Samsung offices raided amid South Korean corruption probe
Prosecutors investigating corruption claims involving South Korea's president have raided Samsung again as public outrage grows over the company's alleged link with the scandal.
They also raided the country’s national pension fund as the inquiry into President Park Geun-hye and her friend Choi Soon-sil continued, while two ministers offered to resign.
South Korea’s presidential office said the justice minister and senior presidential secretary for civil affairs had offered to step down. The president has not accepted their offers.
Ms Park’s office was also forced to defend the purchase of hundreds of erectile dysfunction pills.
Officials at Samsung Group and National Pension Service (NPS) confirmed investigators visited their offices in Seoul.
The Investment Management Office of the world’s third-largest pension fund was the target of the raid, according to an NPS official.
Samsung spokeswoman Lim Bomi declined to say which Samsung department was raided.
The raids took place as the political fallout from the scandal continued to grow after prosecutors charged Ms Choi and two of Ms Park’s most senior aides.
Ms Park has been refusing to meet prosecutors who said she conspired in criminal activities with the confidante and that she needs to be questioned.
While she faces mounting calls to resign, public anger has also been simmering toward Samsung because of its alleged links with Ms Choi.
It is not the first time Samsung has been raided by prosecutors investigating the scandal, and South Korean reports say the simultaneous raids of the company and the pension fund showed that the investigation was expanding to a contentious Samsung merger.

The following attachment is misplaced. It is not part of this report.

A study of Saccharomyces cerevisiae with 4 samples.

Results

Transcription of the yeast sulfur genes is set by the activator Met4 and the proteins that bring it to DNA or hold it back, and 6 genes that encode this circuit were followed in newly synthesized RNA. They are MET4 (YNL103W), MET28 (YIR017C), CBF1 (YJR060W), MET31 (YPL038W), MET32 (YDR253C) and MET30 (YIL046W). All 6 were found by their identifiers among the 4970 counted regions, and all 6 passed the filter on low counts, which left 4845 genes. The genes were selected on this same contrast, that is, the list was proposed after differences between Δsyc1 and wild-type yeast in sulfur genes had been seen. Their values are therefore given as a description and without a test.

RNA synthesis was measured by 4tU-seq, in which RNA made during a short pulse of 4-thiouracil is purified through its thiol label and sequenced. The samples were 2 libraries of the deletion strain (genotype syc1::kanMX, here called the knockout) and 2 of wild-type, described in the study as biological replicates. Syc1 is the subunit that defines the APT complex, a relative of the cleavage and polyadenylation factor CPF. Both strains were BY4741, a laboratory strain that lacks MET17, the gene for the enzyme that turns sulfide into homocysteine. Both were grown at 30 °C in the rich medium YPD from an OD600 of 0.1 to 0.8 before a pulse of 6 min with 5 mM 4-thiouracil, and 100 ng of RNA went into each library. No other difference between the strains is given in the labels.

South Korea’s Yonhap news agency reported earlier that prosecutors were looking into whether the presidential office played a role in the pension service’s vote to support the controversial merger of two Samsung companies last year.
Samsung narrowly won shareholders’ approval to merge Samsung C&T and Cheil Industries in July 2015.
Most investors and analysts questioned Samsung’s argument that the deal was to create synergies between a Samsung construction firm and another Samsung firm that ran an amusement park and fashion businesses.
The merger deal was crucial for Samsung heir Lee Jae-yong, who held a small stake in Samsung Electronics. It helped Mr Lee – a grandson of the Samsung founder and a vice chairman at Samsung Electronics – strengthen his grip on the group’s crown jewel, Samsung Electronics, without spending his own money.
Shareholders who opposed the merger, including US hedge fund Elliott, said the deal unfairly benefited Samsung’s founding families while hurting minority shareholders.
In the end it was NPS, a major shareholder at both Samsung C&T and Cheil Industries, which played the role of kingmaker in the shareholder vote. The pension fund cast a vote in support of the merger even as some outside advisers recommended it oppose the deal.
Meanwhile, Ms Park’s office on Wednesday confirmed revelations by an opposition politician that it purchased about 360 Viagra pills and the generic version of the drug in December.